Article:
The Uncertain Landscape Of Big Telecoms

Telecoms are often a significant part of the income investor's portfolio for a couple reasons. This is because they tend to offer high dividend yields with the stability of an established and well-recognized business.

But the biggest telecoms in the US and Europe are up in the air right now. One company has sold disparate assets, and another has taken out lots of debt to buy back full control of its business, and finally one is now looking to acquire overseas.  .

Just last month British based global telecom Vodafone (NASDAQ: VOD) announced it would sell its 45% ownership stake in Verizon Wireless back to parent company Verizon (NYSE: VZ). Vodafone's stake went for a whopping $130 billion, making it the third-biggest corporate deal of all time. This earth-shaking move marks Vodafone's exit from the U.S. as well as Verizon finally being in full control of its own destiny.

Like any tremor there are a number of aftershocks in its wake: A flurry of smaller deals and other mergers in the telecom picture are now underway. There is uncertainty in an industry known to be anything but. This article will look at some of these major changes, so that income investors may get a better handle on what they are entering.

Vodafone and Verizon: A tale of two cities
Let's start with Vodafone, that has gone from a truly global telecom to just a European-emerging market play. Verizon Wireless was a very important part of Vodafone's business. Without Verizon Wireless, Vodafone's revenue, weighed down by not just southern Europe, but also the UK and Germany that have been shrinking for the last 18 months.

Vodafone, previously a "no nonsense" prepaid voice and SMS provider, will have to work to regain relevance among consumers in Europe, who now prefer a convergence of 3G, cable TV, and high speed Internet. Only by becoming a more integrated "one stop" provider will Vodafone turn around its revenue per user numbers into growth again.

Thankfully, this company now has a huge war chest to do just that, and is working on building its fiber optic network across Europe and acquiring smaller cable providers. Nevertheless, Vodafone faces a tough situation in Europe and is now small enough that it could be an acquisition target itself.

The biggest chunk of the proceeds from the Verizon deal, over 70%, will go back to shareholders in the form of a special dividend and also Verizon shares. And $20 billion of it will be spent on debt repayment.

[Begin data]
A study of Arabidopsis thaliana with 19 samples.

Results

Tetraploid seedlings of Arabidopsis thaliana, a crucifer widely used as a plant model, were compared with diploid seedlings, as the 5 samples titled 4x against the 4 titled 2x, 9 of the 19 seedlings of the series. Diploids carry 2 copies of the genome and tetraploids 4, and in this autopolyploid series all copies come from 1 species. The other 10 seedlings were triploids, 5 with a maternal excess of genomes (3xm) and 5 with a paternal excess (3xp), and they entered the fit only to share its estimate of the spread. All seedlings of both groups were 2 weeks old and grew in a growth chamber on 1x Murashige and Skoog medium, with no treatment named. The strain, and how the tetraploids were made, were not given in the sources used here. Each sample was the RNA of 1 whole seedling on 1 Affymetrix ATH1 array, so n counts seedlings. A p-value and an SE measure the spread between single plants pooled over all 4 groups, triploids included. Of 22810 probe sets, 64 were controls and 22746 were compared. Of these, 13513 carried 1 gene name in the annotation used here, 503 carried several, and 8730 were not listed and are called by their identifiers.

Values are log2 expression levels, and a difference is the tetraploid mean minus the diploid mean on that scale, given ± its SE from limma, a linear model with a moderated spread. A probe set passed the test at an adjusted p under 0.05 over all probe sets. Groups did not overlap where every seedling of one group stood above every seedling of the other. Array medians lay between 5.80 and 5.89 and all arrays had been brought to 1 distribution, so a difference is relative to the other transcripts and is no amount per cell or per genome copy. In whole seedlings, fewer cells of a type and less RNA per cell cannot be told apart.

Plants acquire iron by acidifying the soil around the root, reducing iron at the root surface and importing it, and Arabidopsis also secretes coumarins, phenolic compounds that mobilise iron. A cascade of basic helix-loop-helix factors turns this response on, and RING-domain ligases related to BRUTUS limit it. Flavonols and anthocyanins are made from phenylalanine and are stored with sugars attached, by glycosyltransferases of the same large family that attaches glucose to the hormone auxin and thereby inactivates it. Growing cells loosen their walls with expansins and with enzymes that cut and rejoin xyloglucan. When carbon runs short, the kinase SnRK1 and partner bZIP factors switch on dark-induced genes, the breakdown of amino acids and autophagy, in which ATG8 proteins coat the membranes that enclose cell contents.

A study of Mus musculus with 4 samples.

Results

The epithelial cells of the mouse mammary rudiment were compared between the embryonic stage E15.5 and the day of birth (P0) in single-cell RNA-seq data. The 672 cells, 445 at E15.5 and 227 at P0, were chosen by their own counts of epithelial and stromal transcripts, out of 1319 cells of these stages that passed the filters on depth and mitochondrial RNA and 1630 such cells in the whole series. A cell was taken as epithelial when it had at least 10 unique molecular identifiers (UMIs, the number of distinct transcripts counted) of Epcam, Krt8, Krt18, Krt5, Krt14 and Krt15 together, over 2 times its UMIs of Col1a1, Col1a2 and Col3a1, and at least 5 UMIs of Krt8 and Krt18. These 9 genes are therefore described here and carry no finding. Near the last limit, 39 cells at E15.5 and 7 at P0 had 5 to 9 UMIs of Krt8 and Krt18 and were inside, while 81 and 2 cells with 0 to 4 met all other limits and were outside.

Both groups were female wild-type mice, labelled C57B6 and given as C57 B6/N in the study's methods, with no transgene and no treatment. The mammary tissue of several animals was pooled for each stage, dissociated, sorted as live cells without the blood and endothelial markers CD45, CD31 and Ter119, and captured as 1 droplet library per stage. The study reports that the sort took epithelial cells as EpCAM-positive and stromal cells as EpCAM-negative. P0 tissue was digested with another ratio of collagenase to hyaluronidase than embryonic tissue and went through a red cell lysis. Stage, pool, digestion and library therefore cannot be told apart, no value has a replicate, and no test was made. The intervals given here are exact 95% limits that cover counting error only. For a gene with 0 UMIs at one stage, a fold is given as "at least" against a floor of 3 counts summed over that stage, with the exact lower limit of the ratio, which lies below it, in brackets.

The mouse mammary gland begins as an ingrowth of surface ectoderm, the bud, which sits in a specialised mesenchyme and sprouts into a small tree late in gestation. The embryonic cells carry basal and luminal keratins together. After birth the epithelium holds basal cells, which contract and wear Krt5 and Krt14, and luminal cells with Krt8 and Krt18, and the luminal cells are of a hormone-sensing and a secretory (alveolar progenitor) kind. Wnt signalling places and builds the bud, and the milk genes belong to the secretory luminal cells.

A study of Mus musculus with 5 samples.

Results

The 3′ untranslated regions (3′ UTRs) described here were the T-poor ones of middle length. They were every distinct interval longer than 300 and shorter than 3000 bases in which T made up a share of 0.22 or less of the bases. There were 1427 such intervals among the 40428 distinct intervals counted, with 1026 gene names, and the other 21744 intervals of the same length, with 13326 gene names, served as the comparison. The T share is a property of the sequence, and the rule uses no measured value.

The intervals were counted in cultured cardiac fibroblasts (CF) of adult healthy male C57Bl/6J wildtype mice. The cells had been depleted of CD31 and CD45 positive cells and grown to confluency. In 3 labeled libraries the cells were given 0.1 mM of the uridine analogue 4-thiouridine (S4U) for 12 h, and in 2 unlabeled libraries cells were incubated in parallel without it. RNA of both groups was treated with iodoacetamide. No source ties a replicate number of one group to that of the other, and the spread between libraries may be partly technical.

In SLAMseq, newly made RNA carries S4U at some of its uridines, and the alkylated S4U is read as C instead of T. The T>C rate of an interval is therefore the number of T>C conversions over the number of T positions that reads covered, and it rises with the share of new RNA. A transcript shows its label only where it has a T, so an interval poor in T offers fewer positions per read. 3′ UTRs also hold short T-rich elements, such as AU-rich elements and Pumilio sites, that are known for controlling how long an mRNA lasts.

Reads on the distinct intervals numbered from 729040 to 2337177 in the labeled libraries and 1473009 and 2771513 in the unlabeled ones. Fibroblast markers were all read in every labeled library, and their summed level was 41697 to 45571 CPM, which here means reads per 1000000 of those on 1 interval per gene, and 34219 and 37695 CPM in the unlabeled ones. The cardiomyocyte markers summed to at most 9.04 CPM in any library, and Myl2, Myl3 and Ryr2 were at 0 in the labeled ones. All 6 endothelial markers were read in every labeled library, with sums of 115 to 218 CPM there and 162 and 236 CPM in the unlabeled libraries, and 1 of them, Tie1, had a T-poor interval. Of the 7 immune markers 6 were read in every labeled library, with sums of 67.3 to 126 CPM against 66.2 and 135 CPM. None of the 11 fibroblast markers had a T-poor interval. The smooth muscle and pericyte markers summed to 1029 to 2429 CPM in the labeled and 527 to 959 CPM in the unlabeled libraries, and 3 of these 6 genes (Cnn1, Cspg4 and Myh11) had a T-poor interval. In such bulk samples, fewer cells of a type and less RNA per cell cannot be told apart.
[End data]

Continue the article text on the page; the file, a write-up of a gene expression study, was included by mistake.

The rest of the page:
While Vodafone is slimmed down and paying off debt, Verizon is going in just the opposite direction. To buy the remaining stake of Verizon Wireless, Verizon has had to make the largest corporate debt offering of all time. It may well have been worth it: Unlike most of Europe, US telecoms are still growing revenue steadily, and Verizon now has full control over the best 3G and 4G market.

Despite all the debt, Verizon now has a focused business that is steadily growing. That's exactly what dividend investors should be looking for.

The dark horse: AT&T
The unknown factor here is actually AT&T (NYSE: T). Management has explicitly stated it is interested in buying in Europe, where it believes assets are cheap. The rumor is that Vodafone is actually its primary target, which might explain why Vodafone shares have gone up and AT&T's have come down.

Right now AT&T probably has the second strongest 3G-4G network in the US. And while its growth has been a bit slower than Verizon's, AT&T has done a good job with the "UVerse" cable TV, Internet and telecommunications bundle.

The biggest concern, and likely the reason for its shares' relative underperformance, is this: A lack of focus upon any huge Europe transaction. Take 2011 as an example, when management was so preoccupied with the T-Mobile acquisition that it dropped the ball on its 3G and 4G buildout, thereby giving Verizon the lead which it has. Could this be a repeat?

Foolish bottom line
Even though we don't know exactly what the future holds for the above three names, all three are well managed companies. Vodafone shares this year have jumped 38% only going higher in anticipation of a massive special dividend and distribution of Verizon shares, both of which will total to over $80 billion. But given Vodafone's challenge in Europe, one needs to be cautious in light of how far the stock has run. 

By valuation AT&T is the cheapest of the three. That's because the market does not like the prospect of AT&T entering Europe. Even if assets in Europe are cheap, as management seems to believe, it will be entering a slow to no-growth market where it has no previous experience.

Verizon is down $3 per share on the year and it may drop more as UK brokerages are forced to sell the Verizon shares they receive from the Verizon Wireless transaction. If so that's an opportunity to buy. Right now, Verizon is the most expensive of the three. However, with a leading brand and a strong focus on just one geography, it is also in the best position for steady growth into the future.